Adam Ant live at the Masonic in San Francisco
Success is the sweetest revenge.
Adam Ant’s resurgence as a formidable touring artist has added a new, unlikely chapter to a story that began when Sex Pistols mastermind Malcolm McLaren helped craft the style and sound of Adam & the Ants only to steal away Adam’s band moments later. The theft fueled Adam’s drive to become a star and a rebuilt Ants helped launch Adam to the forefront of post-punk in the late 70s and eventual fame as a New Wave pop star in the early 80s.
After playing the entire Kings of the Wild Frontier album at the Fillmore earlier this year, the quick return to San Francisco has done little to dampen the excitement of the audience. Touching down at the elegant Masonic for this show, the full balcony and shoulder to shoulder floor is enthusiastic for more from Ant. Set opener “Beat My Guest” picks up right where the last tour left off. Bolstered by a second guitarist on this run, the band flexes a fuller, more aggressive tone throughout the night as two drummers deliver the trademark Burundi beats.
Billed as the Anthems tour, the hefty 25 song setlist explores the multiple phases of Ant’s career without allowing the audience a moment to catch their breath. Looking fit and lean, Ant moves effortlessly between his more jagged post-punk years and his chart-topping pop period. Both the title song and “Apollo 9” from 1985’s Vive Le Rock appear early in the set as the band layers his once polished pop singles in fuzz and sweat. It’s a welcome re-imagining of his later material and where it may have gone had record labels not been so concerned with keeping their pop star on the cover of magazines.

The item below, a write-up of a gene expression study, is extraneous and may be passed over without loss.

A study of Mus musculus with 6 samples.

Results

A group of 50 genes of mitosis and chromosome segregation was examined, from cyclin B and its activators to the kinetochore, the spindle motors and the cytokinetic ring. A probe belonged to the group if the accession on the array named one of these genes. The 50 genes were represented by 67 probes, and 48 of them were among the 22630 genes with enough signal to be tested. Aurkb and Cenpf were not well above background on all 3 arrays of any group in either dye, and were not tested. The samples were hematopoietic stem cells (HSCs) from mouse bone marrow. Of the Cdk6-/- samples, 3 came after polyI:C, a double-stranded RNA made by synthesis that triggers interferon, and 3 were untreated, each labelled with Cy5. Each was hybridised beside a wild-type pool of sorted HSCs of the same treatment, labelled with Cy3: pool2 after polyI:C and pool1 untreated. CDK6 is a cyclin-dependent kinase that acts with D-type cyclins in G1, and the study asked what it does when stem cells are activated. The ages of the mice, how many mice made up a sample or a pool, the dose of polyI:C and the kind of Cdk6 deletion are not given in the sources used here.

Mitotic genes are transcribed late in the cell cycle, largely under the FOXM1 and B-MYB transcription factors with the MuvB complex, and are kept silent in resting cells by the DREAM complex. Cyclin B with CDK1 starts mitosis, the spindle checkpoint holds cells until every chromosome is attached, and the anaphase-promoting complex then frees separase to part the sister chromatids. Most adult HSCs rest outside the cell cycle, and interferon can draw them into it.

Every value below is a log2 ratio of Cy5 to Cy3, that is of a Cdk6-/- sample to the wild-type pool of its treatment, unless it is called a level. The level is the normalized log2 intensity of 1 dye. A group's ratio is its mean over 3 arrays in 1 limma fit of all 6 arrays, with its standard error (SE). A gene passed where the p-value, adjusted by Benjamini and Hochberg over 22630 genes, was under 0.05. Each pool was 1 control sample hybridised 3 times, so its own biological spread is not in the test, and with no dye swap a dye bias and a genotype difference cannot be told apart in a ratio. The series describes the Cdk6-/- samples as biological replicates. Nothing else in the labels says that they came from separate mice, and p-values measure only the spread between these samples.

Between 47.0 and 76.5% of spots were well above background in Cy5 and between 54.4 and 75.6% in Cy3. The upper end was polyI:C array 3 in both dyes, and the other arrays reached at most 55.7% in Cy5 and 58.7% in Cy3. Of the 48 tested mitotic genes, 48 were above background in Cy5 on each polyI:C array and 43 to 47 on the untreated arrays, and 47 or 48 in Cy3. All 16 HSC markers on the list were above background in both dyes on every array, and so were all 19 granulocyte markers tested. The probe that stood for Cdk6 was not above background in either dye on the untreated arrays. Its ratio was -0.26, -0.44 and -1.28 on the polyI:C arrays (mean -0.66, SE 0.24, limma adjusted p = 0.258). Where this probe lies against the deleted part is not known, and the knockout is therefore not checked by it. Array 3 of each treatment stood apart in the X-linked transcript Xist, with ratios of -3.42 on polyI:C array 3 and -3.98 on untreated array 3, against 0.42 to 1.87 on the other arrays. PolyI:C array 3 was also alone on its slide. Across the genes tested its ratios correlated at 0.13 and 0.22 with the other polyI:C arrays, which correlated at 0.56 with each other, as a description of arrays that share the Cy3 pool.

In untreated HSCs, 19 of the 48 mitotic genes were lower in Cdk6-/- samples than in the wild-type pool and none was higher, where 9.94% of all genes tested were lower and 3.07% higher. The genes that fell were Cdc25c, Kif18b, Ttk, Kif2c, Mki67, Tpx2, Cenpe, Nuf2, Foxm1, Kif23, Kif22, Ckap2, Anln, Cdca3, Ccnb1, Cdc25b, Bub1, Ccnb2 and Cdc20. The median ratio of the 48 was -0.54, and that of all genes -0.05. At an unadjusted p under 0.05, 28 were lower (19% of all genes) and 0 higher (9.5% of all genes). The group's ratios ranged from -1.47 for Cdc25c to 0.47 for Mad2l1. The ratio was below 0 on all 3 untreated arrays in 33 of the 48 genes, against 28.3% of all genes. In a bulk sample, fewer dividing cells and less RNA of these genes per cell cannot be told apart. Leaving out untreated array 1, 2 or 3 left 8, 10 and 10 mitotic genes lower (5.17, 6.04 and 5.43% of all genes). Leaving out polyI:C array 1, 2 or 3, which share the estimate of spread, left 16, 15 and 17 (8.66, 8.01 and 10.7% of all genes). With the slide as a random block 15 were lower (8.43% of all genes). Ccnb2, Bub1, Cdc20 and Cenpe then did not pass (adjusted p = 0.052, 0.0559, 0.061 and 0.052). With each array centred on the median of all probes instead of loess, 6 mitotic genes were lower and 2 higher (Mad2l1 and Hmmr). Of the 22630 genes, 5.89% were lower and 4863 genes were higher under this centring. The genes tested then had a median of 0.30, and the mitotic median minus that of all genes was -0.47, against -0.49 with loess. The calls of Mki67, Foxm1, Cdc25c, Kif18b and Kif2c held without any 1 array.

Reaching all the way back to his first single, the band show their versatility on the jazzy “Young Parisians” before turning their attention to later material like “Gotta Be A Sin” and “A Room At the Top” where overdriven guitars blow away the slick production of the album versions. Deeper tracks like the glam rock sludge of “Red Scab” and blues-punk of “B-Side Baby” sound at home next to the Ant classics such as “Ant Music” and “Prince Charming”. Casual fans of Ant’s hits are probably caught off guard by the raw arrangements but Ant’s magnetic swagger pulls them in closer one song at a time.
Having traded the dark fetishism of 1979’s “Whip In My Valise” for the pop-camp of “Puss ’n Boots” (from 1983’s Strip), Ant’s pop success might be remembered as selling out but isn’t that the very reason McLaren assembled the Sex Pistols? In keeping with the punk ethos, Ant continues to shy away from the easy money of an 80s package tour to put on two hour shows that dig deep into his musical history. It’s hard work but Ant sounds determined to prove he is far more than a momentary pop star on MTV. As an exhausted Ant stumbles off the stage in San Francisco, the rapturous applause marks another victory for an underdog punk rocker who proves that the substance of his music is an artistic equal to his iconic style.